A troop withdrawal that helps Russia, too


Less than one month ago, Russia and its southern neighbour, Georgia, were hurling very public accusations at each other. Georgia was complaining of lack of progress in negotiations to end Russia's troop presence in Georgia. Russia was saying Georgia was making unreasonable demands and trying to spoil Moscow's long-planned Second World War commemoration to which the cream of international leaders had been invited.

Less than one month ago, Russia and its southern neighbour, Georgia, were hurling very public accusations at each other. Georgia was complaining of lack of progress in negotiations to end Russia's troop presence in Georgia. Russia was saying Georgia was making unreasonable demands and trying to spoil Moscow's long-planned Second World War commemoration to which the cream of international leaders had been invited.

Yesterday, a spare announcement from Moscow said the dispute had been settled. Russian troops will start withdrawing from Georgia before the end of this year and the two remaining Russian bases will be closed in 2008. Thus, barring misunderstandings or backsliding, will end a quarrel that had brought the two countries close to war and constituted a perennial source of friction.

The significance of the agreement goes far beyond this, however. The Russian troops stationed in Georgia were a relic of Soviet times, but they were also a continuing symbol of Russian influence. Their very presence seemed to diminish the independence hard-won by Georgia, not once - with the collapse of Soviet communism in 1991 - but twice, with the "rose" revolution two years ago. The leader of that revolution, Mikhail Saakashvili, who is now Georgia's elected president, had treated the withdrawal of Russian troops as a personal and patriotic crusade.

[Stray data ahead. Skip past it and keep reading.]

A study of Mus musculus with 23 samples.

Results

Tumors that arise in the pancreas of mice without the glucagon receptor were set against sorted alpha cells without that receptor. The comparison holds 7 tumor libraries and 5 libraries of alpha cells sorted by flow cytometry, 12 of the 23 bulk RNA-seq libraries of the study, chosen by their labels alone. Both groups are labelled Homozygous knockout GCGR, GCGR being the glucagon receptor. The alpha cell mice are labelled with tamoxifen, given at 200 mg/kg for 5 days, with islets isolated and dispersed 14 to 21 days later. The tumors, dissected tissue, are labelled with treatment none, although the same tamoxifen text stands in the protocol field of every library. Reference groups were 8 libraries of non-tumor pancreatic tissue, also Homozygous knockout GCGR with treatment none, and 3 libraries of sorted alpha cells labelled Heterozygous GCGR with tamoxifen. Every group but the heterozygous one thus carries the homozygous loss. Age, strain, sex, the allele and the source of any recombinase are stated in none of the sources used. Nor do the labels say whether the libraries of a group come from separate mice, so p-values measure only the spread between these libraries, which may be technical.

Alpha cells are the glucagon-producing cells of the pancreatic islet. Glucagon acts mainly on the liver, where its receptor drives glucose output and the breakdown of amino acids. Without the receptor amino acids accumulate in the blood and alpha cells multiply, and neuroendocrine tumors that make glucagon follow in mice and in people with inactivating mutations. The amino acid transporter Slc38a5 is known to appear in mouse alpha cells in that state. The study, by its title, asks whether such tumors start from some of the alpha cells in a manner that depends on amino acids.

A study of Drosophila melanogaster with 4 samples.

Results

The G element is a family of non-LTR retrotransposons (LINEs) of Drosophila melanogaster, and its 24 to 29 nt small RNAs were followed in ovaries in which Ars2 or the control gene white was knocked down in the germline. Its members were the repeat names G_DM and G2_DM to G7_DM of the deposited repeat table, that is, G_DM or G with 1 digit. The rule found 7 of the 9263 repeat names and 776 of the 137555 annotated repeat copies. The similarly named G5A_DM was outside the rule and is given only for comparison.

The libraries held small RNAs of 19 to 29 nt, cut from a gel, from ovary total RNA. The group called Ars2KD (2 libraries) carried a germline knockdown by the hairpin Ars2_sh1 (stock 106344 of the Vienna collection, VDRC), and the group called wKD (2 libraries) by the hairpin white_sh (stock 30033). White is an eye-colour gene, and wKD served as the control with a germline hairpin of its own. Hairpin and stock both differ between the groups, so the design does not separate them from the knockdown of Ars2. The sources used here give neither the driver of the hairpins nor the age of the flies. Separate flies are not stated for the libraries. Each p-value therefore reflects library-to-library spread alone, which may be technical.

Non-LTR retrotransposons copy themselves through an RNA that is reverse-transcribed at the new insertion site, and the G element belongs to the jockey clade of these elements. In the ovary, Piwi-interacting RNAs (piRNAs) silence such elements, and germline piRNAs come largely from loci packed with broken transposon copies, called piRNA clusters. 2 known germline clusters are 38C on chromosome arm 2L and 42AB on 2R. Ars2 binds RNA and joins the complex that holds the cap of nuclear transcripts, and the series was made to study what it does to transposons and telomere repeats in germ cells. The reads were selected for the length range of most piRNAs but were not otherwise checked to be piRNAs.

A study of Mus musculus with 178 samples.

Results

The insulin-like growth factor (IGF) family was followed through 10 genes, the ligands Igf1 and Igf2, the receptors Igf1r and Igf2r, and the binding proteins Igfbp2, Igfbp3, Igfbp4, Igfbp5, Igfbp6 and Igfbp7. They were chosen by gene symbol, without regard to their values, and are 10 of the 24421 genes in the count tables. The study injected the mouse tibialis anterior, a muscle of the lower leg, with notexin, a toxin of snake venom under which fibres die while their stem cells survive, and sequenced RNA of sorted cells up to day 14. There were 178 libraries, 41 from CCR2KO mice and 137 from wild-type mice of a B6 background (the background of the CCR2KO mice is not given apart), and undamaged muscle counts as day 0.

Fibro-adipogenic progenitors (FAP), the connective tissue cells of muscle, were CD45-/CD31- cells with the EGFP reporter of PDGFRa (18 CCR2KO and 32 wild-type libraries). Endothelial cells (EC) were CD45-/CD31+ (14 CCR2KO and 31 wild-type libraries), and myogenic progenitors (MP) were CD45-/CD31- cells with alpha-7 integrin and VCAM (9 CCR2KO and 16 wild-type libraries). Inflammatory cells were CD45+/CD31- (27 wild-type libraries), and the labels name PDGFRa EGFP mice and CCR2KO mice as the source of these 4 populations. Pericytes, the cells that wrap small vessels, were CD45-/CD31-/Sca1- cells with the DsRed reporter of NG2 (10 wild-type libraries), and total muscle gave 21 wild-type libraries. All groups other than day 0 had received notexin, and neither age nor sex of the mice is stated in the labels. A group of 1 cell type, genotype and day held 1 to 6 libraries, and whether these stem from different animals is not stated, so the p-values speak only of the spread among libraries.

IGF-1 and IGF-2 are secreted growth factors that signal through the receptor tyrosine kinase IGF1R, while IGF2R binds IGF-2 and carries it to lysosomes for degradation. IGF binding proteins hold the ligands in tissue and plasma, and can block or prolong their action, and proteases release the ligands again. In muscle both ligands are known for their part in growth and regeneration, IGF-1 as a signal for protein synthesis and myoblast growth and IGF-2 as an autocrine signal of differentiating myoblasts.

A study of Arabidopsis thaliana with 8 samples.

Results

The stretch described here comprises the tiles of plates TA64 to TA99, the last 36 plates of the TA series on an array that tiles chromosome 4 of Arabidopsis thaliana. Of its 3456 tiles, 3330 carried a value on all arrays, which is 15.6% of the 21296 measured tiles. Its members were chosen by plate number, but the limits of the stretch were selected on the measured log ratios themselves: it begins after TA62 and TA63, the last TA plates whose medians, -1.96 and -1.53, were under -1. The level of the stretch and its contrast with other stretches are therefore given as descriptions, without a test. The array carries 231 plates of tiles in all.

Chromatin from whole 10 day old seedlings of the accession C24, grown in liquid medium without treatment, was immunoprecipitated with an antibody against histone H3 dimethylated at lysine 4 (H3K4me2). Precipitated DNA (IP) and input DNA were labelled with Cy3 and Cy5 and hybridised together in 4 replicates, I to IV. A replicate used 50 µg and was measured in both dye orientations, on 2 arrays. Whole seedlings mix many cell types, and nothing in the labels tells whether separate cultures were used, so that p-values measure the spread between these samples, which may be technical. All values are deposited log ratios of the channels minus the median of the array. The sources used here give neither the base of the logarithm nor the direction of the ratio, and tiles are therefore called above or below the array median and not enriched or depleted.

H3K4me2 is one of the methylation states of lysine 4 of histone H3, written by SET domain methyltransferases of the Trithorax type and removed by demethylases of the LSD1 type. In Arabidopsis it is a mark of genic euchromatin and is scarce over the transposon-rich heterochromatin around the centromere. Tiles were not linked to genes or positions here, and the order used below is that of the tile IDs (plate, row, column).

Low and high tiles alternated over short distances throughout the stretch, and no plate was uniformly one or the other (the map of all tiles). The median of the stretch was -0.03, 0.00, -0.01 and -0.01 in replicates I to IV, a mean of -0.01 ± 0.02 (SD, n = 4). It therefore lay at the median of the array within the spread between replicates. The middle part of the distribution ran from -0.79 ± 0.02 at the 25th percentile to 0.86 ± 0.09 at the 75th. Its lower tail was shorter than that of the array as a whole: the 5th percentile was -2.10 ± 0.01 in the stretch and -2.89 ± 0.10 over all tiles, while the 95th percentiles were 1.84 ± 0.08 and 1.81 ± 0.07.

But Mr Saakashvili and his government wanted the Russian troops removed also for a very practical reason. They were seen as a potential source of succour to the separatist aspirations of three pro-Russian enclaves in Georgia. These regions - Abkhazia, Adjaria and South Ossetia - were regarded as a Russian fifth column, apt to make trouble for any Georgian leader who tried to extract his country from Moscow's sway. The closure of Russia's last bases in Georgia will cut these enclaves adrift. Their populations will have to settle for autonomy within Georgia's borders or risk a permanent, and probably doomed, state of rebellion. This should greatly assist Mr Saakashvili's efforts to unite his country.

Russia's gains are fewer, but not negligible. The return of its troops should be orderly rather than the summary eviction that was threatened. The agreement also paves the way for a formal border treaty. The spread of unrest from Chechnya into neighbouring regions and southern Russia has long been a nightmare for the Kremlin. Any measures that promote security on Russia's southern border not only reassure Moscow, but help to consolidate stability in the region as a whole. Yesterday's agreement suggests that Russia may at last be learning to live within its post-Soviet borders. It is a thoroughly positive development.